NEW ORLEANS — A federal judge upheld Louisiana’s ban on same-sex marriages on Wednesday, a rare loss for gay marriage supporters who had won more than 20 consecutive rulings overturning bans in other states.
U.S. District Judge Martin Feldman also upheld the state’s refusal to recognize same-sex marriages performed legally in other states. His ruling was the first to uphold a state ban since the U.S. Supreme Court struck down part of the federal Defense of Marriage Act last year.
“This national same-sex marriage struggle animates a clash between convictions regarding the value of state decisions reached by way of the democratic process as contrasted with personal, genuine, and sincere lifestyle choices recognition.” wrote Feldman.
In 2004, 78 percent of Louisiana voters approved an amendment to the state constitution banning same-sex marriage, which is now legal in 19 states and the District of Columbia.
La. decision contradicts more than 20 consecutive federal court rulings
Until today, no state marriage ban had survived a federal court ruling since the U.S. Supreme Court handed down its historic marriage decision in United States v. Windsor last summer.
In response to today’s rulings, Human Rights Campaign (HRC) Legal Director Sarah Warbelow issued the following statement:
“Today a federal district court put up a roadblock on a path constructed by twenty-one federal court rulings over the last year – a path that inevitably leads to nationwide marriage equality. Ultimately the nine justices of the Supreme Court of the United States will be asked to decide whether committed and loving gay and lesbian couples should be denied an institution that they, themselves, have deemed a constitutional right more than a dozen times…”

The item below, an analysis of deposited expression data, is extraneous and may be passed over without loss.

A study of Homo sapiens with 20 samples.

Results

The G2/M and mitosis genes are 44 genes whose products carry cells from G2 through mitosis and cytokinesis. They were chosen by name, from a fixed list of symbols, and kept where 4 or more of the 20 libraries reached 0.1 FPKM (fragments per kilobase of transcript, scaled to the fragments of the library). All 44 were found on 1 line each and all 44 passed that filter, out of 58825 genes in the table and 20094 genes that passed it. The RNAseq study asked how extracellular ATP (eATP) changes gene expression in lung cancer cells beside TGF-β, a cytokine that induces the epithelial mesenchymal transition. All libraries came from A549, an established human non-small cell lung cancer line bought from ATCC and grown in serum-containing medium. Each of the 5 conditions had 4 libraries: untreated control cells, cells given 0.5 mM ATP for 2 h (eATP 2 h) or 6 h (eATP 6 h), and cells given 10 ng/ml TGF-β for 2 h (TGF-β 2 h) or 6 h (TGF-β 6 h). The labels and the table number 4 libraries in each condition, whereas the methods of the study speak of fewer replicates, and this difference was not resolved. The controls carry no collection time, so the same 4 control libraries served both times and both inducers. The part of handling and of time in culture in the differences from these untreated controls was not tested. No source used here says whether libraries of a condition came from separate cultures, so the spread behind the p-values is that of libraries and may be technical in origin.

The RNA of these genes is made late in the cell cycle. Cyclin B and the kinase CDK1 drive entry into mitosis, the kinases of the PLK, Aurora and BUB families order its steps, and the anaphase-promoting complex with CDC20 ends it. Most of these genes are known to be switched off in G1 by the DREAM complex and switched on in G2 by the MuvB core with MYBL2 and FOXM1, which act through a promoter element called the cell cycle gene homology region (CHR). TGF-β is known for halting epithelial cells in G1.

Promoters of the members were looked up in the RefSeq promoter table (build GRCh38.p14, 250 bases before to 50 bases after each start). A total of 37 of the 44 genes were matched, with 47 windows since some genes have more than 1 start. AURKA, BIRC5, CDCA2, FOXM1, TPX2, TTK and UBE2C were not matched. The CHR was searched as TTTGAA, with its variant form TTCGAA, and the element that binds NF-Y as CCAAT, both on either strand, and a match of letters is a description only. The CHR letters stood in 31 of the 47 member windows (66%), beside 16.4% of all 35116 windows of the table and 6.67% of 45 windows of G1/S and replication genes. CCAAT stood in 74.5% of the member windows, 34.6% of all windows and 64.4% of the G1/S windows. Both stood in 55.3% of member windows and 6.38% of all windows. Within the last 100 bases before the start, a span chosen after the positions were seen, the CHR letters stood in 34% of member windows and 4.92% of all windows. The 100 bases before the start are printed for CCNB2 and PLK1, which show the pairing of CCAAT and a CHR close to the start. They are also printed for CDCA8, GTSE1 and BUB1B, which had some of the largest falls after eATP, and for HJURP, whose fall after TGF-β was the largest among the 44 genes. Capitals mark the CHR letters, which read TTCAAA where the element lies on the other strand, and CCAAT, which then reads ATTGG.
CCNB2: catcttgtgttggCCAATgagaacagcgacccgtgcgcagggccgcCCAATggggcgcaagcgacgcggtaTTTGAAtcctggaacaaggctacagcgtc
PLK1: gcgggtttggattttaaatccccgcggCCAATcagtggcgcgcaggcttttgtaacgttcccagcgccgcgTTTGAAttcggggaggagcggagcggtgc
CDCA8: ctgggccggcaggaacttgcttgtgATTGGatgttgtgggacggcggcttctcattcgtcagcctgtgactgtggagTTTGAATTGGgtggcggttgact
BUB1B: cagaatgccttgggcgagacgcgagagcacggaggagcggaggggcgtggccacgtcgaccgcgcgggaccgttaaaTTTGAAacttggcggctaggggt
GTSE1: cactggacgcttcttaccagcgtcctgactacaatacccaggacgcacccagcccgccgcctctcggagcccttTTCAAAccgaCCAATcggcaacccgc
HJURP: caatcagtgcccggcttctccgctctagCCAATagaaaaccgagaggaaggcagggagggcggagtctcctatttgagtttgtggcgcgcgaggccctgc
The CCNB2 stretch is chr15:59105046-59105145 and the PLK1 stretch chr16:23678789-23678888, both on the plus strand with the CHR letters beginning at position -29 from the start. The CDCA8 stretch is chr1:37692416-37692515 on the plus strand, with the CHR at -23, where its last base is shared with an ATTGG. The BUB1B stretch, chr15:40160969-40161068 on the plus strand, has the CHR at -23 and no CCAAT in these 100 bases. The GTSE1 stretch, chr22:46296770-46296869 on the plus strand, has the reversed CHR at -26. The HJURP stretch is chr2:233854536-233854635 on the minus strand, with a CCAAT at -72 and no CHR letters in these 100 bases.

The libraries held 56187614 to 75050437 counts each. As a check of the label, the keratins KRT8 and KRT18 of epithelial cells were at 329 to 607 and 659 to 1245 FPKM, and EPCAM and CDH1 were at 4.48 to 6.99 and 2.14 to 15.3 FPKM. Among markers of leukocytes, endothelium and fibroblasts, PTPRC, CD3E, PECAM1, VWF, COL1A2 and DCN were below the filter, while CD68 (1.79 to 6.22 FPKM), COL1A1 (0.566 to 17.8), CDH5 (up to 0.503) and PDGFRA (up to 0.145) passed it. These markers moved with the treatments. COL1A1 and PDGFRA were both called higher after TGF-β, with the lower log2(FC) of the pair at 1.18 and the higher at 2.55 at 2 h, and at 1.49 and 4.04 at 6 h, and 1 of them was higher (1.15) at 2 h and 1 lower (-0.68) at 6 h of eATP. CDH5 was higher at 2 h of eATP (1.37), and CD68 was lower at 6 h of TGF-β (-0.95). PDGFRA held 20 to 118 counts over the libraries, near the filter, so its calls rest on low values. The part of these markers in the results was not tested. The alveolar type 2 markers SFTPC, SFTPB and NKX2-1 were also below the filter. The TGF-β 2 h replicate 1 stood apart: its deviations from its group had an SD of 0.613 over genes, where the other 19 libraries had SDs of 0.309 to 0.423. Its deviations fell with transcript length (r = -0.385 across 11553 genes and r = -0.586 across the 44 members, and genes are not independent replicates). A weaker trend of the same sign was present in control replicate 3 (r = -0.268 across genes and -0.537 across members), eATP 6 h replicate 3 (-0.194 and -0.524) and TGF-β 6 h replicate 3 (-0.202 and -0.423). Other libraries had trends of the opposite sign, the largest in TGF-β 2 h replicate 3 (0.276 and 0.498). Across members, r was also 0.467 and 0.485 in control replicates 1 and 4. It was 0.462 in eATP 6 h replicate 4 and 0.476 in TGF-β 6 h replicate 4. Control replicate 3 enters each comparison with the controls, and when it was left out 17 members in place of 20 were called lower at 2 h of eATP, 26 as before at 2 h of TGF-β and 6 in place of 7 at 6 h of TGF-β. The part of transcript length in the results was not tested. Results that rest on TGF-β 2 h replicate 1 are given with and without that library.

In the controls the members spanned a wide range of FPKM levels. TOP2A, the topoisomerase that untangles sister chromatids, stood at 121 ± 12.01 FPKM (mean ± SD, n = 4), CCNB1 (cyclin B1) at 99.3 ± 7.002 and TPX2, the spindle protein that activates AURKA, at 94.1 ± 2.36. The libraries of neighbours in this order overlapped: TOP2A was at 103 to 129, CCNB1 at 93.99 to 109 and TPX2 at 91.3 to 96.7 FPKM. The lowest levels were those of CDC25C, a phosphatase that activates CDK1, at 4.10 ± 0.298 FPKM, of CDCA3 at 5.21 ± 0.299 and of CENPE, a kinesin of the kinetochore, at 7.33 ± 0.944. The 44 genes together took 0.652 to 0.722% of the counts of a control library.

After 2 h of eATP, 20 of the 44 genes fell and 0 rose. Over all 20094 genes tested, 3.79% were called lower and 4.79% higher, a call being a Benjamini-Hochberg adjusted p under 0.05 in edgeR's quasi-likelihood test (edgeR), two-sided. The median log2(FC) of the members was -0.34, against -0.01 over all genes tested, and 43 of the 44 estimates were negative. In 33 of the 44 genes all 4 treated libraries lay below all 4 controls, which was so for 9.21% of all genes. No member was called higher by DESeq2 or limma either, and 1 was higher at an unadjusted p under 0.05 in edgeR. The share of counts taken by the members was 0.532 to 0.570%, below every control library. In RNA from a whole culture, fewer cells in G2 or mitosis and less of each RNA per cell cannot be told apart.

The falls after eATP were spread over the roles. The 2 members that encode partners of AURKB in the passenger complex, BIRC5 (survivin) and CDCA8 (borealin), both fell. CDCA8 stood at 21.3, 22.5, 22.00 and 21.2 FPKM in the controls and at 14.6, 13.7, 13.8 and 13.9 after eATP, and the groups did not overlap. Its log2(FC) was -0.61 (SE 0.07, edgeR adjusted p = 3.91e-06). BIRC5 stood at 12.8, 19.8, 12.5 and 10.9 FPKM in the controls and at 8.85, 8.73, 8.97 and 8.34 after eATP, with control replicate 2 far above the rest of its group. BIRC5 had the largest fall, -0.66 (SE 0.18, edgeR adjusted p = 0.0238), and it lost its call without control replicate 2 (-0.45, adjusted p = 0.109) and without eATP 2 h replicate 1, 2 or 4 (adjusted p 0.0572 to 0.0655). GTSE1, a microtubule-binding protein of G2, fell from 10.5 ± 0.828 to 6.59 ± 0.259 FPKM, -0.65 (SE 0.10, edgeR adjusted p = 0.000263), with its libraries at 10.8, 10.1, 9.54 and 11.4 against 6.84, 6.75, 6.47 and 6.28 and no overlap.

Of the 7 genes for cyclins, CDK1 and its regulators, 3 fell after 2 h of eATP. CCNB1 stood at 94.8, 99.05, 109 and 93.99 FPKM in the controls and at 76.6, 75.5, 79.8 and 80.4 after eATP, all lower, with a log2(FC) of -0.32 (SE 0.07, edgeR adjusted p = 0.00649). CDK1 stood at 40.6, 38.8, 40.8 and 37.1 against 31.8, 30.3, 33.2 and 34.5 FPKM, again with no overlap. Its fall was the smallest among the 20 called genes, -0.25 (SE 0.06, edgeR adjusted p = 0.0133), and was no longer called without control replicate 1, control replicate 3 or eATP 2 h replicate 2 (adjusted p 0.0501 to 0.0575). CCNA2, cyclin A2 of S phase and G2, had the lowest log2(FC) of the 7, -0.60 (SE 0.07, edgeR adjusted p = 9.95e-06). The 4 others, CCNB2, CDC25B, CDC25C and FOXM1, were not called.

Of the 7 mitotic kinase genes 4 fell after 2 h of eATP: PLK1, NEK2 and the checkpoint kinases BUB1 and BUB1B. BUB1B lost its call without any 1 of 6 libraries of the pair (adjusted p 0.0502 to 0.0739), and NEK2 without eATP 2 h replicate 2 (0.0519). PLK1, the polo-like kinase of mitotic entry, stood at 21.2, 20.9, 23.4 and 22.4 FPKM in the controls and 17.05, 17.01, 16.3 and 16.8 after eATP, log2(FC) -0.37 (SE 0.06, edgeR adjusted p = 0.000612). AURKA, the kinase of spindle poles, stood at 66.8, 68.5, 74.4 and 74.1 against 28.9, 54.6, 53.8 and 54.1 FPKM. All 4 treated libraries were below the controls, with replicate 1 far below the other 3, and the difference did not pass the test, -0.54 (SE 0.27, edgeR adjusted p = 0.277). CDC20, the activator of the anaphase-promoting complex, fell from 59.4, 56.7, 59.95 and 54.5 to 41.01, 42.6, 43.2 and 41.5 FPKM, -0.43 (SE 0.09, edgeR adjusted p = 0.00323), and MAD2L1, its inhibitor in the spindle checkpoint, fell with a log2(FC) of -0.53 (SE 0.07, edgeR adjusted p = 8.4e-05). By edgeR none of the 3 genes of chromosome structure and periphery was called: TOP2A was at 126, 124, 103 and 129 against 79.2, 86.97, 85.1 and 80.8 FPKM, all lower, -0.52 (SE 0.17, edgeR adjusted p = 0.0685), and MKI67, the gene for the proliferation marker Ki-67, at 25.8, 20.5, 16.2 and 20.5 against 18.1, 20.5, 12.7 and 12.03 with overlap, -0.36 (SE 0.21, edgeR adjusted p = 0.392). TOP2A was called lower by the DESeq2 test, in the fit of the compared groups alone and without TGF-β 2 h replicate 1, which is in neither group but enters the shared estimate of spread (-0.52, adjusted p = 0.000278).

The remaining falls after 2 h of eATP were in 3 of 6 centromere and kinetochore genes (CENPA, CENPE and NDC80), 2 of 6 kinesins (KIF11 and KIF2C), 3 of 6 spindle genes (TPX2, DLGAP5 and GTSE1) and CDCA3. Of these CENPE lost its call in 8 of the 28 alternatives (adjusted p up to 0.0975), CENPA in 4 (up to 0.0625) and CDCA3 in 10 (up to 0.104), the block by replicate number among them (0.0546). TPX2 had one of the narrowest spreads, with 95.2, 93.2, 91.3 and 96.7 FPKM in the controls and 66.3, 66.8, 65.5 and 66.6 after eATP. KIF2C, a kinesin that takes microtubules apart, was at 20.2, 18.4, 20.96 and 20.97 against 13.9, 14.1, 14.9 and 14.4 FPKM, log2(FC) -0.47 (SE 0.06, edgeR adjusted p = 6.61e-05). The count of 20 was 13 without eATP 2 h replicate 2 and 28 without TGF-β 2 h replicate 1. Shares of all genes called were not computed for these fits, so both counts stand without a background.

Feldman said gay marriage supporters failed to prove that ban violates equal protection or due process provisions of the U.S. Constitution. He also rejected an argument that the ban violated the First Amendment by effectively forcing legally married gay couples to state that they are single on Louisiana income tax returns.
Feldman sided with the state, which had argued that the nation’s high court, in the Defense of Marriage Act decision, recognized the rights of state voters and legislatures to define marriage.
“Although opinions about same-sex marriage will understandably vary among the states, and other states in free and open debate will and have chosen differently, that does not mandate that Louisiana has overstepped its sovereign authority,” he wrote.
The conservative Louisiana Family Forum praised the ruling
“This ruling confirms that the people of Louisiana – not the federal courts – have the constitutional right to decide how marriage is defined in this state,” Gene Mills, the group’s president, said in a news release.
However, gay marriage supporters vowed to appeal. They had argued that the ban violated constitutional due process and equal-protection rights.